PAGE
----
An Arizona man has died and in his wife is in critical condition after ingesting a drug that Donald Trump claimed could be used to treat COVID-19, the novel coronavirus, despite a lack of scientific evidence. The man and woman were both in their 60s when they ingested chloroquine phosphate, a chemical that is commonly used to clean fish tanks and can also be used as a malaria drug. Within half an hour, the couple began to experience serious symptoms and had to go to a Banner Health emergency room in Phoenix.
“Given the uncertainty around COVID-19, we understand that people are trying to find new ways to prevent or treat this virus, but self-medicating is not the way to do so,” Dr. Daniel Brooks, the Banner Poison and Drug Information Center medical director, said in a press statement on Monday. “The last thing that we want right now is to inundate our emergency departments with patients who believe they found a vague and risky solution that could potentially jeopardize their health.”
In a live TV appearance last week, Trump alarmed medical professionals when he brought up the fact that some doctors are testing the hazardous drug to see if it can be used to help treat COVID-19. No scientific medical studies have confirmed that it is effective against the virus, and Trump repeatedly brushed aside the need for testing before using chloroquine.
“Why should we be testing it in a test tube for a year and a half when we have thousands of people that are very sick, and we can use it on those people and maybe make them better?” Trump said on live television.
Trump followed up on Saturday by tweeting that the drug could be “one of the biggest game changers in the history of medicine” and that the FDA should “move mountains” to approve it for treatment of COVID-19.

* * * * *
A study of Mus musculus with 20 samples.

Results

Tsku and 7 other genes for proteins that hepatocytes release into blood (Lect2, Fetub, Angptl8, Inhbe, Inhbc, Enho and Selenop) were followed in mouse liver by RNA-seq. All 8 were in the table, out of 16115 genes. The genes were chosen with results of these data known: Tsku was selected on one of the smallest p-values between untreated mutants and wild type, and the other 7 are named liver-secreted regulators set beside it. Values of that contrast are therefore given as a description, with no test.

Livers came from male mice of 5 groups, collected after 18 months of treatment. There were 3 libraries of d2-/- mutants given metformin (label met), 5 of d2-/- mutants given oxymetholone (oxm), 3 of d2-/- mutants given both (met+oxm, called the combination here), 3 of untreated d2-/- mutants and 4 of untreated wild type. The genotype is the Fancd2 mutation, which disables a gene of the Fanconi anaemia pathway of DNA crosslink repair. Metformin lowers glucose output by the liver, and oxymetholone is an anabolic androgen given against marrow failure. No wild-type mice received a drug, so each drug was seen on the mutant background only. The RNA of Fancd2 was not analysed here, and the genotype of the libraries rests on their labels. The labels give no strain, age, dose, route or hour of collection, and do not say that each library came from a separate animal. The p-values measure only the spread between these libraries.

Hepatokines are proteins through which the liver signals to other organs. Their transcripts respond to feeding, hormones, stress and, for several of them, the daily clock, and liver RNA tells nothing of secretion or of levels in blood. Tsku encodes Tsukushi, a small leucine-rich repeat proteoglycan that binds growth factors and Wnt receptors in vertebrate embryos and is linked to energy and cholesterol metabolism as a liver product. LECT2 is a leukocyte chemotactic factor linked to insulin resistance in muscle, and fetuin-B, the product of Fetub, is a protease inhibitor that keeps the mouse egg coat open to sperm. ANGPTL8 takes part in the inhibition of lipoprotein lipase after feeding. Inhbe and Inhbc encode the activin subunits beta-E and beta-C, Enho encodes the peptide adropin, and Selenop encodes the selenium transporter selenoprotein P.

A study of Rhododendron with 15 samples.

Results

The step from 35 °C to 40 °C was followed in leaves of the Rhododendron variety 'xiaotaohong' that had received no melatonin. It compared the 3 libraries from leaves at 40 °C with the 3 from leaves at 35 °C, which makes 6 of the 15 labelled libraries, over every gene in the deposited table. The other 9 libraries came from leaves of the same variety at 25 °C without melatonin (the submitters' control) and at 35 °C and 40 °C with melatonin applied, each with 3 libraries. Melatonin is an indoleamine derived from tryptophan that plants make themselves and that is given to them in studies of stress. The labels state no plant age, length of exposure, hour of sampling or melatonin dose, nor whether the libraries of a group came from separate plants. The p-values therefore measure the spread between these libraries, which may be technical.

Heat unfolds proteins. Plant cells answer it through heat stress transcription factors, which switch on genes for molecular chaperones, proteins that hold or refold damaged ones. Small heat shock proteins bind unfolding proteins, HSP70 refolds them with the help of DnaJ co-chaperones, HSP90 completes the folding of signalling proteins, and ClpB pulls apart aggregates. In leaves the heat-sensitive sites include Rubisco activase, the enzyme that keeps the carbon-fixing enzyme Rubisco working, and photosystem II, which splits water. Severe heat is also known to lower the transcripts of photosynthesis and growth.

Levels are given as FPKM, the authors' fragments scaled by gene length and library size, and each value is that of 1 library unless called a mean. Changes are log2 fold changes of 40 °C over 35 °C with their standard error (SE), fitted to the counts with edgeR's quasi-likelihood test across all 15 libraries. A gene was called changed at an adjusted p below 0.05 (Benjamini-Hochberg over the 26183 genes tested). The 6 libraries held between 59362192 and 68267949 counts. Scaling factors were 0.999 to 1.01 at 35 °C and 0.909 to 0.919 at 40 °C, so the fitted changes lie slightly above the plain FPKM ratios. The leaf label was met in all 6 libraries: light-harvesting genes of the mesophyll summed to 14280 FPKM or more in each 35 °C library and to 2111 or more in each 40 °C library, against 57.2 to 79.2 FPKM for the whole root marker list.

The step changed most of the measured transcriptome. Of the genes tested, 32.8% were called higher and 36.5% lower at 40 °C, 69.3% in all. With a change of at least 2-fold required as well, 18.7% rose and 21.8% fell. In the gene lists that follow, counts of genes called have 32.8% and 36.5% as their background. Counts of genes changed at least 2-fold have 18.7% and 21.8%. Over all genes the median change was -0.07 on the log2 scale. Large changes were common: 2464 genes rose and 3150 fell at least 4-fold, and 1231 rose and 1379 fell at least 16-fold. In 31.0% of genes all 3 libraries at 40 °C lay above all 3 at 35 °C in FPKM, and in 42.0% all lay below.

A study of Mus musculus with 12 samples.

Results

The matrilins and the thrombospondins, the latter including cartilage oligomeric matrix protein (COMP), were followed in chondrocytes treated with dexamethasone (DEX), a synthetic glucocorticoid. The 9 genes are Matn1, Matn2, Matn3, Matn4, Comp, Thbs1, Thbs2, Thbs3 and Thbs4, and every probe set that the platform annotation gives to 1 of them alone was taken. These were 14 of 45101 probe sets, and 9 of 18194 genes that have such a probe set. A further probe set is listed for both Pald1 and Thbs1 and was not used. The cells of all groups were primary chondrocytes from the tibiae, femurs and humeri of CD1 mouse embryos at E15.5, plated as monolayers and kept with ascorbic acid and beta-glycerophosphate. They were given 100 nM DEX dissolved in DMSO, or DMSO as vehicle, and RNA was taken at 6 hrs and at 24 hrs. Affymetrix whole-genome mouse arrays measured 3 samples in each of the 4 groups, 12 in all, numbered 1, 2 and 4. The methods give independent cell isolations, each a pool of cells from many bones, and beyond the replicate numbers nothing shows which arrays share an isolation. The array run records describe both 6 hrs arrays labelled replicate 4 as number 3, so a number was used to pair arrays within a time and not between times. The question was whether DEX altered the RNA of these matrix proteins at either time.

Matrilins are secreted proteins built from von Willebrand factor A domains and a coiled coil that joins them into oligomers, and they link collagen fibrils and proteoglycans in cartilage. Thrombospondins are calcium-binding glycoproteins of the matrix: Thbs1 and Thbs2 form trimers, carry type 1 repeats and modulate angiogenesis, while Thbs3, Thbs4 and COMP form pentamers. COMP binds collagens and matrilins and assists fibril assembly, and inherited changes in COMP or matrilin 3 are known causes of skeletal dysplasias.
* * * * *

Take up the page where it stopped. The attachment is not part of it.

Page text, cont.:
CNN reported today that after Trump’s claims, three people in Nigeria were hospitalized for chloroquine poisoning, prompting that country’s government to issue warnings against using it to treat COVID-19. On Sunday, Charles Ornstein reported in ProPublica that Trump’s comments “triggered a run on the drug,” leaving lupus patients and others who rely on it without necessary medications.
In the Banner Health press release announcing the incident in Phoenix on Monday, Brooks urged medical professionals not to recklessly prescribe chloroquine as a COVID-19 treatment.
“We are strongly urging the medical community to not prescribe this medication to any non-hospitalized patients,” said Brooks.
You can see an interactive, county-by-county map of COVID-19 infections in the Deep South states of Alabama, Georgia, Louisiana, Mississippi, and South Carolina at dsv.news/covid19.